Bangladesh: Art in the Slums Honors Working Women

KIARA BRAMASCO WRITES – The hard-working women of Bangladesh were honored recently in an art exhibition just as beautiful as they are, with the added bonus of the art being reusable for housing insulation later!

On September 13 a public art exhibition opened in the Korail slum, the largest in Dhaka, capital city of Bangladesh. The exhibit was created by photojournalist/artists Susie Taylor and Jason Motlagh, who have been reporting on the country’s garment industry for most of the year.

The Counter Foto Photography Department, a platform for activists and photographers, and the Inside Out Project, a global platform that helps transform individual stories into public art messages, helped Taylor and Motlagh capture the faces of the Bengali women that are now displayed on the sides of the housing structures in the Korail community.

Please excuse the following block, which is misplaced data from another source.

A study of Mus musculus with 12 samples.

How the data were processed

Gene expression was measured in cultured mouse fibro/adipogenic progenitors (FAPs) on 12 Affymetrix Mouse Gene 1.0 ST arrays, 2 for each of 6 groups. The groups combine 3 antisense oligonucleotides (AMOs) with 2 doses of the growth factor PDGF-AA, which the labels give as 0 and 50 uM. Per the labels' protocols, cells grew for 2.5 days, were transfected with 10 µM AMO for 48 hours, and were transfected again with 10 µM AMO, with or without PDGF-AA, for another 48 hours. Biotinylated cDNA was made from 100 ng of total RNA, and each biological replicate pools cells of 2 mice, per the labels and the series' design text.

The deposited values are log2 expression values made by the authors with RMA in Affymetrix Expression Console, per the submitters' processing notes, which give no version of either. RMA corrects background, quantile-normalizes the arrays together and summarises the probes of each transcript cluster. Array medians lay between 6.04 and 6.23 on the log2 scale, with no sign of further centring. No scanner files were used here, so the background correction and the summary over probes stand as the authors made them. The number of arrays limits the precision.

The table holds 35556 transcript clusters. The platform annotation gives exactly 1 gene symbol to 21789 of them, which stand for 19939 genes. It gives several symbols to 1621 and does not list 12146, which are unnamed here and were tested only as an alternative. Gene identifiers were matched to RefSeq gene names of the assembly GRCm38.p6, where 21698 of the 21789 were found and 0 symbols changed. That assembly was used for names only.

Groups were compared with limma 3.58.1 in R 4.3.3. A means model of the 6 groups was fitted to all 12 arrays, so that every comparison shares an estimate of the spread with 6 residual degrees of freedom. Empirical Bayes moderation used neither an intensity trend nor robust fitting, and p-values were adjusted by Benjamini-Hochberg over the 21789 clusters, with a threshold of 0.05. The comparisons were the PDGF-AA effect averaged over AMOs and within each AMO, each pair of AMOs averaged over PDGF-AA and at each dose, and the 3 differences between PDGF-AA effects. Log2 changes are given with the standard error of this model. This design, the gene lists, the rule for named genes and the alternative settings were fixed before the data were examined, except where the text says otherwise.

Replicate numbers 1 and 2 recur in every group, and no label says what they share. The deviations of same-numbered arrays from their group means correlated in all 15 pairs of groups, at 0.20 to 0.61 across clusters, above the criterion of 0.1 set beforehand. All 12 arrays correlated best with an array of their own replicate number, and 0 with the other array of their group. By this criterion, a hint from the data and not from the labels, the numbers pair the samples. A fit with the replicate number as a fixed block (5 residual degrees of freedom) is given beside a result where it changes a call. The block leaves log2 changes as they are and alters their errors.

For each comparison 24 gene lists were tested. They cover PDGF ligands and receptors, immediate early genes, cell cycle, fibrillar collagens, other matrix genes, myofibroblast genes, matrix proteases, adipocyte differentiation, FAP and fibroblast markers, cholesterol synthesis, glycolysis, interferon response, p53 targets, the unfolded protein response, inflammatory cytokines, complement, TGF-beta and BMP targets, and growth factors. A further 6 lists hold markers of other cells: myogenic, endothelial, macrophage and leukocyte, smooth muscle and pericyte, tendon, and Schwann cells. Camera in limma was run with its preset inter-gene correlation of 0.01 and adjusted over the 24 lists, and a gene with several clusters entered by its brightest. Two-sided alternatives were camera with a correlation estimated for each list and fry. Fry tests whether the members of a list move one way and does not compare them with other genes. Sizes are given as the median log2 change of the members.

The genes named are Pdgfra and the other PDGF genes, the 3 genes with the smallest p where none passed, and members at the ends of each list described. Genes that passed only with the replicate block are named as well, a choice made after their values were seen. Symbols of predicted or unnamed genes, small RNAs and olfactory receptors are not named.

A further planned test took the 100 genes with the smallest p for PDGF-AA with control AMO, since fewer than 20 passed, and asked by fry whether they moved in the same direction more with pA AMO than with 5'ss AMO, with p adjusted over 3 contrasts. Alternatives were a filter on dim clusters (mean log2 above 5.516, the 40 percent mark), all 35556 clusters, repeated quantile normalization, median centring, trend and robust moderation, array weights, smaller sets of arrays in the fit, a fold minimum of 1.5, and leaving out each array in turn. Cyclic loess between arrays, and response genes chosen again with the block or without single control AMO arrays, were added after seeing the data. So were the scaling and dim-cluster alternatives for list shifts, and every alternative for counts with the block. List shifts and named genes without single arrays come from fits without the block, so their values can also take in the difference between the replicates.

a06The Bangladeshi newspaper the The Daily Star, reported that the artwork is “…a celebration of the hardworking Bengali woman and in support of her struggle for socio-economic justice,” as they work under the tough labor demands of making clothes for the world. The public art, which was installed with the help of a Bangladeshi based non-profit organization called JAAGO, is printed on PVC plastic, making it functional art work that can later be used for housing insulation. The images were installed in hopes to attract people from outside of Korail to boost the local economy, create awareness, and share the stories of the women in the Bangladeshi garment industry.

The public exhibition shows the political function of photographic art in its mission to help local residents of Korail and the women of the Bangladeshi garment industry. Through the artwork, the display is bringing public and media attention to the people and the conditions of the Korail slums.